Citizen Game Review



Designers: Steve Barger, Gray Smith
Artists: Amber VanDyke (Art Direction)
Publisher: Citizen Games LLC Dream State LLC
Year Published: 2022

No. of Players: 2-4 Players

Ages: 13+

Playing Time: Varies on number of players, they say 1-1.5 hours for 2 players 1st time through

Find more info on BoardGameGeek.com  
From the Publisher:

CITIZEN puts the power to change America where it belongs – in your hands.

When the revolutionaries who created our nation gave the power to “We the People,” little did they know they were also crafting the framework for a challenging strategy adventure that would emerge more than two centuries later. We proudly offer CITIZEN, a gaming experience for novice and aficionado alike that allows you to summon the power of the forces, faces, and fates that built America, and build it still.

Win CITIZEN by being the first player to pass your Cause through both chambers of Congress.

Build hands of complementary alliances that advance your Cause or hinder your opponents’. The more complex the hand, the more impact it delivers on game play. Powers earned by hand strength introduce even more strategic opportunity.

Disclaimer: The publisher provided the copy of Citizen.The opinions expressed in the review are completely my own.

Rules & Setup:

Let’s start with the rules, there is a lot to get through.  The Rules Book is 24 pages long.  Not all of it is rules for the game but descriptions of all the cards and the iconography involved in the game.  The book is very easy to get through and you are given a card to help you get through the game. But you need to really need to take your time with the rules

It is a very simple set up with board, player pieces, and cards.  Once the game is set up, you can jump right in to game play.

Theme and Mechanics:

This game is spot on thematically.  You have a House of Representatives deck and a Senate deck and you try to get you causes passed through both chambers of Congress.  Using the icons on the cards and the combinations of the Power and Circumstance cards to complete the task.

Mechanically there are a couple of different basic mechanics used jointly to make you causes become law.  First you use a draft phase, where you build your hand to help you pass your causes.  Then based on the cards you play you move the spaces on the board. And draw up your next cards to play the next round.


Once the board is set up, you begin to play the game.  The first thing you do is decide the difficulty level, between 1-4 stars with 4 being the most difficult.  You can also adjust the difficulty and game time by playing only 1 cause instead of the 2 in a normal game.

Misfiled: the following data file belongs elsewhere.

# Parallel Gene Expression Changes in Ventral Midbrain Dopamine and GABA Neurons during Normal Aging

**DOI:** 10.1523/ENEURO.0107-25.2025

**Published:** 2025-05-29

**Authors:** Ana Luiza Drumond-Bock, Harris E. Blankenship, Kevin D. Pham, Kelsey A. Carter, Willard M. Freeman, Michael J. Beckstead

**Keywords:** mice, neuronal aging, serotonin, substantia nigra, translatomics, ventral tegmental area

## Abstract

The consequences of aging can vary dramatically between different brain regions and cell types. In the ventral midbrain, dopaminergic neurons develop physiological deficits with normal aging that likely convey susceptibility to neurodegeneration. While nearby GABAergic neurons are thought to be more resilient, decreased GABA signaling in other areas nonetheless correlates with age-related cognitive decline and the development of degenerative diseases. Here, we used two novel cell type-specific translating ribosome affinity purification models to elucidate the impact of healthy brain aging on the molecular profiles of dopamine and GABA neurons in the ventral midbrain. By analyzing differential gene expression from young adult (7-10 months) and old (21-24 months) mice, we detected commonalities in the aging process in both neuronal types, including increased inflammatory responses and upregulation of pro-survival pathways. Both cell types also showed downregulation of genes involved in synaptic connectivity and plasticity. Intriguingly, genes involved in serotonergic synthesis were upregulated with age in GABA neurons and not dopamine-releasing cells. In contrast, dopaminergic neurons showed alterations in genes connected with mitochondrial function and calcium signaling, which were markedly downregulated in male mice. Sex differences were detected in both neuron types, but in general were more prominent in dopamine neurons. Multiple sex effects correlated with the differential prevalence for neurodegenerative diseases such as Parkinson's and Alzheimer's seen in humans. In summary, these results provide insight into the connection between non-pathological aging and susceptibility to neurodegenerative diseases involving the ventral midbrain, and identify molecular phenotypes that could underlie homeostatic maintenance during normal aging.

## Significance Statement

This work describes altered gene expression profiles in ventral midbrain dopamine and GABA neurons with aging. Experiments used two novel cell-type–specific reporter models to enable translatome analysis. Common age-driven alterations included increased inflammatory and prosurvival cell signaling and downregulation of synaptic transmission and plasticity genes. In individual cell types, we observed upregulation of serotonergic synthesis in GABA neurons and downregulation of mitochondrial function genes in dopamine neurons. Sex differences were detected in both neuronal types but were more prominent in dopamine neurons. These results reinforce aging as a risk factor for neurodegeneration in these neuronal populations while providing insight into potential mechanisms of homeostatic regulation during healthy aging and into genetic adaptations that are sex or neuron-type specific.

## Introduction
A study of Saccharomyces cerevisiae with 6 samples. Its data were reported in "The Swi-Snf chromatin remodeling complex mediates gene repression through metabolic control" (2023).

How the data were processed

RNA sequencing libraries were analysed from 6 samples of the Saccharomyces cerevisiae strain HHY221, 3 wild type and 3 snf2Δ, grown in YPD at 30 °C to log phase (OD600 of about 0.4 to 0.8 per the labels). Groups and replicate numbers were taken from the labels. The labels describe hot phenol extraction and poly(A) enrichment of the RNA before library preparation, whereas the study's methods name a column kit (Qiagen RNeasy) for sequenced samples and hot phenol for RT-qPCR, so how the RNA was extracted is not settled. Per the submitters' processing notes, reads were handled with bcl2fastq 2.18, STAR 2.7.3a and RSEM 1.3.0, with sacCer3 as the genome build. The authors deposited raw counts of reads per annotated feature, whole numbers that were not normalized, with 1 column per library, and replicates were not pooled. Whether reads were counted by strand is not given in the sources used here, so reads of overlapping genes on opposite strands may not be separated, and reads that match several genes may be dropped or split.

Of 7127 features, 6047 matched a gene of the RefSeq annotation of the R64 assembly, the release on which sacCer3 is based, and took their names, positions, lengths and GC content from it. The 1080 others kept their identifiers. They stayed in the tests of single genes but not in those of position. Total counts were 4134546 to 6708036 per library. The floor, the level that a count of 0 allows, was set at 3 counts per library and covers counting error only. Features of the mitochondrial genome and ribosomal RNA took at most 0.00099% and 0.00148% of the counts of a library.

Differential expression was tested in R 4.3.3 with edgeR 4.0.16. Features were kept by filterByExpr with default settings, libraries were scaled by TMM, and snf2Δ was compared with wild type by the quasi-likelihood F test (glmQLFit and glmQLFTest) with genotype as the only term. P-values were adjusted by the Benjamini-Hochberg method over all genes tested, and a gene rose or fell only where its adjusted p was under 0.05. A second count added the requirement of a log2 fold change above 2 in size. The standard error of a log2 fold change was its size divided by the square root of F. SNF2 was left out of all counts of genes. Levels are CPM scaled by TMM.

Next is the draft phase of the cards.  You start with 21 cards, keep 11 and pass the rest, then 7 cards and pass, then 2 cards so you end with a deck of 20 cards.  The goal of the drafting phase is so you can complete your ICON sets.  Using the Icons on the cards, you build a set of 1-5 cards to advance your cause or stall your opponents.

You draw up 5 cards and begin your turn.  There is an 11 step turn sequence. Steps 1-9 are required and 10 is optional.  You draw a Congress card from the deck. Play you set based on the icons on your cards.  Use the Impact chart to see the power level of you card set and you can add a Power card.  Show your set and carry out the Impact.  Tally your votes from you set and move you piece around the board.  Discard the cards and replenish you hand from your deck of 20.  If you landed on a Circumstance Space and the end of the vote tally, you then play the top Circumstance Card and all players resolve the card.  Step 10 is an optional activity called Horse Trading. If you land on the same space as an opponent you can trade 1-5 cards with each other.  Step 11 is it goes to the next player.

When you have completed the 1st House track, you go to the next and do the same thing in the other chamber’s track.  When you completed both tracks and all of your causes, you will be the winner.

Artwork and Components:  

The artwork and components for this game are pretty amazing.  The board itself is based on the rotunda of the actual US Capitol Building in Washington, DC.  The House and Senate cards use the official governmental photographs of the Representatives and Senators. The iconography matches with the actual iconography of the political parties.

The Good:

This game does a lot to make a boring subject enjoyable.  The idea of passing bills is not the most fun thing to make a game about.  Citizen does a good job with this. 

The artwork and the usage of the official Congressional pictures really makes the game feel real.  The icons are clear and identifiable when you use the chart.

The Other:

While this game has a lot going for it, it has a lot going on.  There are a lot of different types of cards and a lot of icons to understand. Almost too much to keep track of, much like real life American politics.  Fewer Icons might move this game along a little better.

 Once you have played through it a couple of times you will cut down the game time tremendously. But you have to play through it.

Final Thoughts:

I love the idea of this game, especially being a Civics teacher myself.  I have been trying to find more ways to incorporate board games into my curriculum and I hope to use this in my classroom.  This is where this game is designed to play.  I don’t see this game as one I would break out on my game night but I can use it in my classroom.

Players Who Like: Deck builders and historical games

I give this game 7.5/10

After reading our guest reviewer’s review, if this sounds like a game for you at the time of this posting Citizen 117th Congress Edition is available for purchase for only $57.95. Check it out and Get it HERE.
Find out more at BGG.
Did you back it based on our review? Please comment below letting us know!